Retail News Breaks
Walgreens unveils transition plan for Express Scripts members
January 3rd, 2012
DEERFIELD, Ill. – Now that it's officially out of the Express Scripts Inc. pharmacy network, Walgreen Co. has served up a transition plan for patients who receive prescription drug benefits through the pharmacy benefit manager (PBM).
Dubbed the Walgreens Patient Transition Plan, the initiative aims to help Express Scripts-covered pharmacy patients to continue using Walgreens if possible or smoothly switch to another community pharmacy, according to Walgreens. As of Jan. 1, Walgreens stopped participating in the Express Scripts pharmacy provider network because of a contract impasse with the PBM.
Walgreens said that under the transition plan, announced Friday, it will offer a special discount during January on the annual membership fee for the Walgreens Prescription Savings Club, which provides savings on more than 8,000 brand-name and all generic medications. The chain also is providing additional pharmacist and staff consultations, more than 3.9 million letters to patients that are also available in stores, targeted communications with high-volume patients, extra call center staffing and information at 1-800-Walgreens, and further patient information and guidance on Walgreens.com.
The plan also includes communications with employers and health plans to help them inform their members of the Express Scripts situation and their choices, Walgreens said. The drug store chain, too, is providing coupons for discounted health and wellness products as well as gift cards to eligible Express Scripts members.
"In recent days, we are hearing more and more from our customers and patients that they are upset about losing access to Walgreens pharmacies as a result of Express Scripts' actions," Walgreens president and chief executive officer Greg Wasson said in a statement. "Our pharmacy patients have come to depend on their longstanding, personal relationships with their trusted Walgreens pharmacists, and they don't want to give that up. Because of the trust they have in their Walgreens pharmacist, many patients are asking us about ways that they can continue accessing our pharmacy, health and wellness services. As a result, we are undertaking a comprehensive plan to continue serving our patients when possible, and in other cases help them make a smooth transition and minimize the disruption and inconvenience they may face."
Other elements of Walgreens' patient transition plan amid the dispute with Express Scripts include making pharmacy computer system changes to support transferring multiple prescriptions at once, providing a website to allow other pharmacies to electronically communicate a patient's transfer request to Walgreens, and supporting some of Walgreens' higher-impacted locations by a central call center to handle transfer requests.
"This disruption to pharmacy patients is especially troubling because it could have been avoided, stated Kermit Crawford, president of pharmacy, health and wellness solutions and services for Walgreens. "In the middle of December, we made another serious attempt to reach an agreement [with Express Scripts] before Jan. 1 with an offer that included concessions to avoid patient disruption. Unfortunately, the response we received was not meaningful, and their proposal to push negotiations into the new year has placed patients in this unfortunate position."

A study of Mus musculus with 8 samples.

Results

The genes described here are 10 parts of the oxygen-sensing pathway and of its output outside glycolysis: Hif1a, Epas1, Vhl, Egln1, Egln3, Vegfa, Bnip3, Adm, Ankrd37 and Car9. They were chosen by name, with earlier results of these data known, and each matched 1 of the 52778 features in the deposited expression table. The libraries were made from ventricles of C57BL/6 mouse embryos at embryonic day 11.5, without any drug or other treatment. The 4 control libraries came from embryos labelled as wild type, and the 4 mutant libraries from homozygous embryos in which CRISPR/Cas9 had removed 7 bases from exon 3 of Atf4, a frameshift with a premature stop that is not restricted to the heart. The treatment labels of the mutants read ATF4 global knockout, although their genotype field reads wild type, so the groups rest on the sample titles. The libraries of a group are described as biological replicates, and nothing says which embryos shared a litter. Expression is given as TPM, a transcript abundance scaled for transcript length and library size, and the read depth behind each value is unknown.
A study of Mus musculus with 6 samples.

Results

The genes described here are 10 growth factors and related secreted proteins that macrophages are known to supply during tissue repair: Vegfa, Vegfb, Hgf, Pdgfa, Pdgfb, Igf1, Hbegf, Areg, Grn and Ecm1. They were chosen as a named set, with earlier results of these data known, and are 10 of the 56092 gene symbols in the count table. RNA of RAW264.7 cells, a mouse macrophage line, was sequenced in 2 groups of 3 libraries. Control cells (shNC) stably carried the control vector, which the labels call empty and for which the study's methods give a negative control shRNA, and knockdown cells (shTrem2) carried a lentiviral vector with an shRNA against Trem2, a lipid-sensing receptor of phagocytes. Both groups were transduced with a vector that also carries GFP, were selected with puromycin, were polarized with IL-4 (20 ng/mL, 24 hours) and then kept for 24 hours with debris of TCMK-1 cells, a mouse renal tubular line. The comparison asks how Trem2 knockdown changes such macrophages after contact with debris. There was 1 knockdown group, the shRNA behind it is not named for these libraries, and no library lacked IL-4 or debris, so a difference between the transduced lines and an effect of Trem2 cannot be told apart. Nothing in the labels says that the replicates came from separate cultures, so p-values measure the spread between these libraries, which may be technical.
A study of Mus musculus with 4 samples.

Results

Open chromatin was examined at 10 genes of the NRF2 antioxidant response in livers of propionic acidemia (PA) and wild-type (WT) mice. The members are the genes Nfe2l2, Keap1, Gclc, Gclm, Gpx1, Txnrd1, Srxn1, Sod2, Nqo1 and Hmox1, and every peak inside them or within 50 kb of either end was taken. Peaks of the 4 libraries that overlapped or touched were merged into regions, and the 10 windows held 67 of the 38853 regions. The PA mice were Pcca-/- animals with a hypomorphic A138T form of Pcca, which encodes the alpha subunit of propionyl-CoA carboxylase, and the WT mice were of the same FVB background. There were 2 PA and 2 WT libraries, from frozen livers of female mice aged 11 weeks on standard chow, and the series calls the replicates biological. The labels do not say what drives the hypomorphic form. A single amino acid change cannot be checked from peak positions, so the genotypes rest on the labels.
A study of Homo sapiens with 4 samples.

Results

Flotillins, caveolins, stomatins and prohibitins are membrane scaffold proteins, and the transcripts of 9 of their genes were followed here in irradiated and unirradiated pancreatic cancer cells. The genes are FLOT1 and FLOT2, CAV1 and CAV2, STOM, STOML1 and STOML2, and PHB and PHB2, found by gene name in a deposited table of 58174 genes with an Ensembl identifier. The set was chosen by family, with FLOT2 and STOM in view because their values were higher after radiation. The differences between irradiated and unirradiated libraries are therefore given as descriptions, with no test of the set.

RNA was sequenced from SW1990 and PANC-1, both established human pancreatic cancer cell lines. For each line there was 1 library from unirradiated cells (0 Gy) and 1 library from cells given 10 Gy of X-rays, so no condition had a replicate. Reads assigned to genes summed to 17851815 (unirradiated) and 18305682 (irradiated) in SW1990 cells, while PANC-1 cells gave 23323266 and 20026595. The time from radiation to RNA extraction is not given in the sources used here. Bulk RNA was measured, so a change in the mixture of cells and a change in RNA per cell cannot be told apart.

Crawford added, "We do not believe that there will be any meaningful cost savings to justify this needless hardship to patients, since we offered to keep rates flat and Express Scripts itself has stated that the elimination of Walgreens from its pharmacy network will not provide any reduction in costs for clients. As the saying goes, it's all pain with no gain."
Walgreens noted that it will continue to work closely with employers, health plans and midtier PBMs that want to maintain access to Walgreens pharmacies and health services. The company reported that to date, more than 120 Express Scripts clients have informed Walgreens that they have switched to a different PBM or taken other steps to maintain access to Walgreens pharmacies in 2012.
On Tuesday, Walgreens said that just days after unveiling its transition plan, tens of thousands of pharmacy patients have taken advantage of the January promotion of its Prescription Savings Club.
Normal annual membership in the club is $20 per person or $35 for a family. Through Jan. 31, Walgreens is offering one-year memberships at $5 for individuals or $10 for families.
"We apologize to our patients for the disruption caused by Express Scripts' stance and are offering a discount in the cost of enrolling in our Prescription Savings Club," Crawford stated Tuesday. "In our stores, pharmacists are reporting that our customers covered by Express Scripts plans are responding in significant numbers and choosing to stay with Walgreens."
Express Scripts, meanwhile, has maintained a link on the home page of its customer website that reads, "Walgreens Pharmacy Customers: You Have Many Options to Fill Your Prescriptions." Those clicking on the link then go to a page that says, "It's Easy to Change Pharmacies." The page provides links to enable visitors to see pharmacies in their area that serve Express Scripts members, find a pharmacy in their plan's network, or enroll in home delivery of prescriptions.
"At Express Scripts, we're committed to keeping your prescription drugs affordable and accessible. That's why we negotiate cost-competitive agreements with all of our participating retail pharmacies. Unfortunately, Walgreens' proposed 2012 prices were much higher than the other pharmacies within our network. If we accepted Walgreens' rate, their higher costs may have affected your future premiums," reads a statement by Express Scripts atop the web page. "As a result, Walgreens is no longer a participating provider in our pharmacy networks (effective Jan. 1, 2012)."